At last week's annual American Hospital Association membership meeting in Washington, AHA leaders returned repeatedly to the theme that federal investigators are being overly aggressive in their pursuit of healthcare fraud.
The AHA and the U.S. Justice Department disagree about the use of the federal False Claims Act to conduct Medicare billing investigations. The law's harsh penalties, which include substantial fines and possible imprisonment, prompt hospitals and other providers to settle billing investigations rather than risk losing in court even when there was no intent to defraud, the AHA and others say.
"This is the equivalent of using capital punishment for traffic violations," Richard Pollack, AHA executive vice president of federal relations, told the conventioneers.
To aid in its efforts, the AHA has retained Joseph diGenova, a partner with diGenova and Toensing in Washington and a former U.S. attorney and independent counsel. DiGenova said the Justice Department is using "a very heavy-handed way to negotiate. A hospital should not have to say it has committed fraud when it has not."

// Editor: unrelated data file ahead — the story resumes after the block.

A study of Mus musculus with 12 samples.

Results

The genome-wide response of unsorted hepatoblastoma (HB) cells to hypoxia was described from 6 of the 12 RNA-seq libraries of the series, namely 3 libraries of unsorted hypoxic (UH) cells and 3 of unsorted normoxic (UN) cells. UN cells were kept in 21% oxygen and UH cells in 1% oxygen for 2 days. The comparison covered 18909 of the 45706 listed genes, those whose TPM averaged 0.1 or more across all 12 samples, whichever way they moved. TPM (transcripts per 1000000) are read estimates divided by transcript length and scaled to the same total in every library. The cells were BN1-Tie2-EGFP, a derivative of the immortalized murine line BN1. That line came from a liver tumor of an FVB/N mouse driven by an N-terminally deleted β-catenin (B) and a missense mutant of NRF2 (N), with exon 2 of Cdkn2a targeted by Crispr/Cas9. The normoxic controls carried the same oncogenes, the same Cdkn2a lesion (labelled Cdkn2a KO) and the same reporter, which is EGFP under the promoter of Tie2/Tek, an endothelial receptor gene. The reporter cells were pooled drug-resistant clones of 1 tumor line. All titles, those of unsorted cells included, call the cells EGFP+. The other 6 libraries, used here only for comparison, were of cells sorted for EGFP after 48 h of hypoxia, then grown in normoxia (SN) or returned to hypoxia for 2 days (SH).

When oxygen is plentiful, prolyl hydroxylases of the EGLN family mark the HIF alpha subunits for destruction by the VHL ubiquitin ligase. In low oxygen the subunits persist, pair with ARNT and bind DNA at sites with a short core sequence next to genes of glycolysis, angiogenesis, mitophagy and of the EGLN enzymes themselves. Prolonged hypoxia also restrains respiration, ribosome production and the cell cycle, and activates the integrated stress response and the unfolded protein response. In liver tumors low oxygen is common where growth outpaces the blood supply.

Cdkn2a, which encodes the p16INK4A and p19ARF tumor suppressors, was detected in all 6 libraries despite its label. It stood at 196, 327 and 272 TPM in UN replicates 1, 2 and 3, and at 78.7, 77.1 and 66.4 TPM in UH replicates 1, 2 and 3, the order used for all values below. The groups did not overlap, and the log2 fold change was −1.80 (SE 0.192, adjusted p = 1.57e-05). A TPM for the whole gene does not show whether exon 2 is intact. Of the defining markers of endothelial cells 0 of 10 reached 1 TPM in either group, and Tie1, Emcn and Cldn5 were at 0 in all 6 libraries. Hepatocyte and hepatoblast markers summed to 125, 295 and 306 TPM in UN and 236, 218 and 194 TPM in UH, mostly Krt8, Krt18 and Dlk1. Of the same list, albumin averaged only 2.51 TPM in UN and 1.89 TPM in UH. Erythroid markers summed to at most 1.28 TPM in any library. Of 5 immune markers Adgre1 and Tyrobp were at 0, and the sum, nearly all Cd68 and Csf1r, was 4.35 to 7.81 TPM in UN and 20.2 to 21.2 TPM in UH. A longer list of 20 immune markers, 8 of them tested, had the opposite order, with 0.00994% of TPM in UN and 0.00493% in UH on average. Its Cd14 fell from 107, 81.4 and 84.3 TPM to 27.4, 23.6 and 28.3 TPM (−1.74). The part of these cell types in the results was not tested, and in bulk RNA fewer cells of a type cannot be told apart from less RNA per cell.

The crowd got a measure of sympathy from U.S. Attorney General Janet Reno, who told the attendees she is "dedicated to working with you to make sure (the False Claims Act) is not abused.
"Honest mistakes or simple errors do not constitute a false claim," Reno said. But she added that law enforcement officials would use "all the methods at our disposal," including the False Claims Act, when there's evidence a hospital knew false claims were being submitted or "acted in reckless disregard or deliberate ignorance."
Several lawmakers who spoke at the AHA meeting also expressed reservations about the government's tactics.
"We have to find a way to distinguish between fraud and abuse and honest mistakes," said Sen. John Breaux (D-La.), who recently was named chairman of the 17-member National Bipartisan Commission on the Future of Medicare.
The AHA, however, wants more than just assurance from Reno and Congress that the False Claims Act will be used properly. It wants legislation limiting the government's use of the law against hospitals that have few billing problems and have adopted billing compliance programs. The AHA said last week it had found a sponsor for the bill but declined to identify who it is.
Reno stopped short of supporting such legislation. "We believe the system works pretty well now," said an aide to Reno.